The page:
For Maya Wilson, anything worth doing has been terrifying at first. Her newest endeavor on Whistle Hill is no exception.
Wilson, who launched her first cookbook “Alaska from Scratch” earlier this year, announced this week that she will be the head chef at the upcoming Soldotna restaurant Addie Camp Dining Car eatery and wine bar.
Wilson’s popular blog, Alaska From Scratch, began in 2011. She previously worked at The Flats Bistro in Kenai. Wilson said she thinks the new eatery is a great addition to the Soldotna food community.
“The vision for the restaurant was to do it as locally sourced as possible. To support local farmers, support our local vendors. I’m really pumped about that because that’s exactly what the food community needs and what Alaska needs,” Wilson said. “What I want, what I’ve always wanted, is for people to be well-fed and nourished, and this is just an extension of that.”
Peninsula residents may have seen the former train car jutting out from a building under construction atop a hill along the Sterling Highway on the way out of Soldotna toward Sterling. The train car and the building will be opening up as the new restaurant later this year.
The restaurant, owned by the Mary and Henry Krull, who opened Brew@602 in a neighboring former train car last year, will be offering dinner service and Sunday brunch.
The two-story building features large picture windows with views of Soldotna and the Kenai Mountains, two outdoor decks, a bar and plenty of inspiration from the railroad industry, including railtie siding from the Alaska Railroad, and of course, the train car that will accommodate a more intimate dining experience.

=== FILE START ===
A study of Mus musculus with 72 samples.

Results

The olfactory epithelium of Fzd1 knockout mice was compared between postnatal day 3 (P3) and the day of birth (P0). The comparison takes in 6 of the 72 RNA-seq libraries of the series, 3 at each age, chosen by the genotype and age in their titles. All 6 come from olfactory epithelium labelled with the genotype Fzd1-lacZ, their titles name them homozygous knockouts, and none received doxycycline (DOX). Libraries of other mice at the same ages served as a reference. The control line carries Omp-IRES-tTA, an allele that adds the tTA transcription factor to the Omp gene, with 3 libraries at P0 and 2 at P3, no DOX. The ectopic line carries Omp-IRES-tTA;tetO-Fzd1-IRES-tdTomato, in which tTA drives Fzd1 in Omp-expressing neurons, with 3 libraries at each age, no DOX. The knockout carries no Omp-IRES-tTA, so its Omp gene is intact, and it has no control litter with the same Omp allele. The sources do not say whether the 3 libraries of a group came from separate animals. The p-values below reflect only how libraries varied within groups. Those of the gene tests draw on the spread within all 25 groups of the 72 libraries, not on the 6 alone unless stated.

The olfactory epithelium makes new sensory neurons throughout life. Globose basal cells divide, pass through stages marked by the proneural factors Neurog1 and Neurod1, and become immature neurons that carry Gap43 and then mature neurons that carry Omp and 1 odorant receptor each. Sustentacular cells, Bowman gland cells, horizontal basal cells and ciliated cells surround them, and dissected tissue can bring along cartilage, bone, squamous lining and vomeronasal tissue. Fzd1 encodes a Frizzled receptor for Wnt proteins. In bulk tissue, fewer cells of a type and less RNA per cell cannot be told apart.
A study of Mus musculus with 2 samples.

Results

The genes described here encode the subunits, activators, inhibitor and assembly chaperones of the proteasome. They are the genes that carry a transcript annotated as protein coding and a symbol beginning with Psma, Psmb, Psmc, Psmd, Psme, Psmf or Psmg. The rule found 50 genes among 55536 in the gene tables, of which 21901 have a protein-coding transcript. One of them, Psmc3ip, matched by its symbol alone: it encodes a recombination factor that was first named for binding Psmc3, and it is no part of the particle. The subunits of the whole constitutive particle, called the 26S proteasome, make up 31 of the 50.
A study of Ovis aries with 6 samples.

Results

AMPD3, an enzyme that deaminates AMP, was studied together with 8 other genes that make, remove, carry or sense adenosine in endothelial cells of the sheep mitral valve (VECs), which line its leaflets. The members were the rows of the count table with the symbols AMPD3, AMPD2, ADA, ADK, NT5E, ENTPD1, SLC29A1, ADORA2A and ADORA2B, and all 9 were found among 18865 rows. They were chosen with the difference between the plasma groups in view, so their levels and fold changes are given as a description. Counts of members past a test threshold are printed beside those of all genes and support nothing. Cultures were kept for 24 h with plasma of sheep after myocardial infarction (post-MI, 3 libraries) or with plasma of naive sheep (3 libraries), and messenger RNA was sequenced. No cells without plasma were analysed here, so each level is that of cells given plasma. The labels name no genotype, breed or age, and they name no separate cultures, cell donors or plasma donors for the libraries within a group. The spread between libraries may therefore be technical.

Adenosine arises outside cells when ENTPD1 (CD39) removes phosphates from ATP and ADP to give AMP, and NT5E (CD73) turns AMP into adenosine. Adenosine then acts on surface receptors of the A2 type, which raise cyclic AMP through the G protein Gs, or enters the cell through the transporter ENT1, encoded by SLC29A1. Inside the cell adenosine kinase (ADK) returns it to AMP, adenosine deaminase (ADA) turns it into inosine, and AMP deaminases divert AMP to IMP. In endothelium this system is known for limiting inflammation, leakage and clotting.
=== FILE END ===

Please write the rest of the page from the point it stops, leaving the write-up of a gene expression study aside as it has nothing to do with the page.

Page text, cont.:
The 1913 rail car, named Addie Camp, came from Addie Mine in Hill City, South Dakota. Wilson said the owners plan to preserve as much of the car’s original detail as possible. The Krulls rode in the car many times over the years before it was taken out of service in 2008. It was part of a tourist excursion in South Dakota. For Mary Krull, creating a restaurant came down to her and her husband’s love of good food.
“We like all things fresh and local,” she said. “We wanted to give Soldotna another option.”
The restaurant will also have its own hydroponic grow operation that will provide greens year-round, adding freshness to their dishes, even in the dead of winter.
Wilson has already started to meet with local farmers and vendors to partner with. She has begun to conceptualize the menu and said it will change with the seasons. Vegan and gluten-free options will also be available.
“It’s not fussy, it’s approachable. I really do try to focus on Alaska’s ingredients. I feel like that will be received well by the locals and the tourists, and I’m hopeful I will bridge that gap a little bit,” Wilson said.
Currently, the owners are working on acquiring a beer and wine license. The application process requires signatures from residents, 21 and older, in a one-mile radius of Addie Camp Dining Car eatery and wine bar. When open, the restaurant hopes to serve local beers on tap and fine wine.
“We need the community’s help to be the eatery and wine bar that we hope to be,” Wilson said.
Krull said they hope to open the restaurant this October.